Posts Tagged: leafy greens
Food safety authorities were in Monterey County earlier this week gathering information from farmers, conservationists and scientists about new rules regulating the fresh produce industry, according to a story in the San Francisco Chronicle.
UC Cooperative Extension was represented by the director of Monterey County's UC Cooperative Extension office, Sonya Varea-Hammond. She is pictured at the meeting with the director of the Food Safety Project, Jim O'Hara, in the The Packer.
The Monterey forum was the fifth in a series offered by the Food Safety Project to gather comments and input to send to the FDA in May. The Packer story said the Food Safety Project "worked with the University of California Agriculture and Natural Resources during the forums."The new rules being considered at the meeting, according to the Chron, are separate from food safety legislation now being considered by the Senate. However, they are similarly a reaction to a growing number of fruit and vegetable related food-borne illnesses.
"A lot of what they're talking about seems too expensive to me," the story quoted Kevin McEnnis, owner of a 20-acre Santa Rosa farm. "I'm concerned that they're not as interested in our interests. We just don't have a lot of clout."
The safety of fresh produce the subject of Monterey County forum.
A behind-the-scenes battle is raging in the Senate over how to regulate small and organic growers without ruining them - and still protect consumers from contaminated food, according to a story published yesterday in the San Francisco Chronicle.
The crux of the legislation gives the Food and Drug Administration greater authority to regulate how products are grown, stored, transported, inspected, traced from farm to table and recalled when needed.
Small-scale producers may face compliance with tough laws.
UC Davis Cooperative Extension specialist Trevor Suslow wrote an opinion piece for Food Safety News saying a recent Consumers Union study - which questioned the safety of prewashed salad greens - has caused a flurry of concern and confusion.An article in the March 2010 issue of Consumer Reports magazine said its study of packaged leafy greens found nearly 40 percent of samples contained bacteria that are common indicators of poor sanitation and fecal contamination, according to a news release distributed on PR Newswire.
Suslow wrote that he thinks it is "grossly unfair" to raise fears beyond what is supported by science and everyday shared experiences with salad greens.
"What I rely on for my personal confidence in regularly consuming lettuces, spring mix, and spinach salads is that there are billions and billions of servings of these items consumed every year in the U.S. alone and the predominant experience we have is of safe consumption," Suslow wrote.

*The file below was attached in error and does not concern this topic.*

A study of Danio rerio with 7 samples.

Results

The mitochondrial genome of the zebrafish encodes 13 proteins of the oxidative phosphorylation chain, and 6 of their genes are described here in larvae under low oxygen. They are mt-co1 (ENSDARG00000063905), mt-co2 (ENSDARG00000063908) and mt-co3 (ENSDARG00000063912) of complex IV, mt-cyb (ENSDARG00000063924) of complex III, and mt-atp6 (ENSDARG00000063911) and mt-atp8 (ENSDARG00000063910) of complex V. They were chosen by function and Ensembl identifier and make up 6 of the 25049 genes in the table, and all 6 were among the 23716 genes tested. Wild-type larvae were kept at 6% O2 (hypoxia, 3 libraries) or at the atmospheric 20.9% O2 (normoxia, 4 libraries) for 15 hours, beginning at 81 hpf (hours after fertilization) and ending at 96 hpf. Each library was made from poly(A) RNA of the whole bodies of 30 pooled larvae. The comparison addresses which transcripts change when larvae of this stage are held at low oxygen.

The CR news release said FDA should increase the specificity of its guidance and regulations for packaged leafy greens. In the meantime, the writers suggested consumers buy packages as long as possible before their use-by date and wash the greens at home, even if the packages say "prewashed" or "triplewashed."
Suslow agrees customers should look for use-by dates on packaged leafy greens. He goes further to suggest consumers note that packages in grocery stores are refrigerated vertical in a row, not laid one on top of the other in stacks.
Suslow said he checks the temperature of the greens' display case with his hand and confirms that the bags are very cool to the touch. (Perhaps one day there will be a cell phone ap for that, Suslow suggests.)
But he doesn't recommend consumers wash packaged salads at home.
"I do not support or believe that re-washing packaged salads should be a recommendation for the home consumer," Suslow wrote. "A large and diverse panel of experts published a comprehensive article in 2007 detailing the scientific evidence for the lack of benefit and the greater risk of cross-contamination in the home."
Packaged leafy greens.
Last Saturday night, the CBS Evening News aired a six-minute special report on food safety. The research component for the story featured an appearance by UC Davis Cooperative Extension food safety specialist Linda Harris, in which she explained work underway to understand the potential food safety impact of irrigation practices on leafy green vegetables.
Reporter Bill Witaker noted that cutting edge research is being conducted around the country to find out how pathogens make it onto fresh produce and how to reduce the risk. He used the UC Davis Center for Produce Safety as a case in point.
Interviewed inside her lab, Harris told Whitaker the effectiveness of her work is "hard to prove, it's hard to measure, but I really think we do make a difference."
UC research isn't confined to laboratories. Three UC Cooperative Extension farm advisors in Monterey County - Steve Koike, Richard Smith and Michael Cahn - are working with campus-based researchers to determine the ability of the deadly E. coli 0157:H7 to survive in the field.
They reported in UC Delivers that they used harmless E. coli as surrogate organisms to evaluate how variations in soil moisture and environmental conditions impact the organism's survival in soil, water and on plant surfaces. In addition, experiments on E. coli source-tracking, detection technologies and field ecology are being conducted to gather information from an environment that reflects the actual farming conditions of the local agricultural industry.
UC scientists are helping protect the safety of the U.S. food supply.